U.S. Army Corps order DAPL protesters to leave by Dec. 5

U.S. Army Corps order DAPL protesters to leave by Dec. 5

A Eugene law firm is suing law enforcement agencies and the North Dakota County where thousands of Standing Rock Sioux and their allies are camped in protest of the expansion of the Dakota Access Pipeline. Earlier, officials had warned of a physical blockade, but the governor's office backed away from that. The lawsuit alleges Morton County Sheriff Kyle Kirschmeier and others used excessive force against protesters on November 20 at a blockaded bridge on a state highway.

Morton County Sheriff's Department spokeswoman Maxine Herr said authorities will be "passively" enforcing the governor's order for protesters to vacate the area.

The Sioux through a more than century-old treaty with the USA government hold the rights to the land.

Texas-based pipeline developer Energy Transfer Partners says the 1,200-mile pipeline through the Dakotas, Iowa and IL will be safe.

On Friday, the U.S. Army Corps of Engineers delivered a letter to the Standing Rock Sioux Tribe stating that protesters will no longer be allowed in a portion of "Corps-managed federal property north of the Cannonball River" starting December 5. The order includes the large encampment known as the Seven Council Fires camp.

"We are staying here committed to our prayer", Dallas Goldtooth, an organizer with the Indigenous Environmental Network, told Reuters.

"And when they moved that vehicle to the side of the road, law enforcement began arriving in heavy numbers and, basically, what ensued over the next five hours was probably one of the most brutal, unethical, unlawful attacks against non-violent protesters since the 1960s". "We have every right to be here to protect our land and to protect our water". "This will reduce the risk of harm to people in the encampments caused (by) the harsh North Dakota winter conditions". Snow and wind gusts up to 45 miles per hour (73 kph) were forecast for Tuesday, according to the National Weather Service.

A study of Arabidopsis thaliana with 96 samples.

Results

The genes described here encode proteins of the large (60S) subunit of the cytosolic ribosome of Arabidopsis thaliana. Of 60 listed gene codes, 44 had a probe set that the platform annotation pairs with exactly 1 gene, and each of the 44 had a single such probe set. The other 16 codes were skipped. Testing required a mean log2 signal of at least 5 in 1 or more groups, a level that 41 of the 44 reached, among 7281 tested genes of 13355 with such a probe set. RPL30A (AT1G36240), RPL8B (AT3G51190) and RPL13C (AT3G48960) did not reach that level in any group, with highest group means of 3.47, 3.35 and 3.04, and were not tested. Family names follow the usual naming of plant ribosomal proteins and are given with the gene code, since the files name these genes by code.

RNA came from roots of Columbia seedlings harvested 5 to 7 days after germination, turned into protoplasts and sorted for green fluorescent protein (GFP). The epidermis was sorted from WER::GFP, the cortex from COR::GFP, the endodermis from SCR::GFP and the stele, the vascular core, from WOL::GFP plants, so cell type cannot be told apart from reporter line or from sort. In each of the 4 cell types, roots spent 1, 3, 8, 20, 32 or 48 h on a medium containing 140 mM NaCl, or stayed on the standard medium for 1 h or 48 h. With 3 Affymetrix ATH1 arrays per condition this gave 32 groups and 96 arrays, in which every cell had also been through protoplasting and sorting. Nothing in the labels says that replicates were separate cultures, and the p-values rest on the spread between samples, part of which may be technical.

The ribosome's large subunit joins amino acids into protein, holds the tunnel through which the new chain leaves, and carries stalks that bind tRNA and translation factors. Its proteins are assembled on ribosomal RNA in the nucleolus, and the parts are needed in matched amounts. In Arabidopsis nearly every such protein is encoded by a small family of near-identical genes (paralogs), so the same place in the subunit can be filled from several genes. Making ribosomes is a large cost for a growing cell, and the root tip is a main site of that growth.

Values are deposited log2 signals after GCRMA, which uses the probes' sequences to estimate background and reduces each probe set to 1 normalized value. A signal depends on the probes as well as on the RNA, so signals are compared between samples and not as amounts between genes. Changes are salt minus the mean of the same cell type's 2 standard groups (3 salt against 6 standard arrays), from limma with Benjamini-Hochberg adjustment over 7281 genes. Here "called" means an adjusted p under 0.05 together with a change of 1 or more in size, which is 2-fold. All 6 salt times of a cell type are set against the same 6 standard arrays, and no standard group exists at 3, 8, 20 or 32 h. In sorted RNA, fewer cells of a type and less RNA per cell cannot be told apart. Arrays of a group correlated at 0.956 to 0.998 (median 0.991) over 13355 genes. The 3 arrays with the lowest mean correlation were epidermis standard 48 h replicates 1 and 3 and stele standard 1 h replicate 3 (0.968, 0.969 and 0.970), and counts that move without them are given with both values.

Last weekend, police used water hoses in subfreezing weather in an attempt to disperse about 400 activists near the proposed tunnel excavation site. Tribal leaders allege that police have engaged in excessive force against protesters, leading the United Nations to investigate possible human rights abuses.

"The well-being and property of ranchers, farmers and everyone else living in the region should not be threatened by protesters who are willing to commit acts of violence", Hoeven said in a statement Friday.

The lawsuit seeks unspecified damages.

That sentiment was echoed by Morton County Commission chairman Cody Schulz, who said county and state leaders have been seeking federal law enforcement help for months.

Officers were justified in using water cannons because of the threat posed by demonstrators, Fong and Herr said. Organizers said at least 17 protesters were taken to the hospital, some for hypothermia and one for a serious arm injury, and one officer was injured.

The company behind the project, Energy Transfer Partners, already won some federal permits to build the fracked oil pipeline from North Dakota to IL.

The Obama administration postponed final approval of a permit required to allow tunneling beneath the Missouri River in September.

White House spokesman Josh Earnest said in a Tuesday news briefing that Obama believes law enforcement has "an obligation" to show restraint and protesters have a "responsibility" to protest peacefully.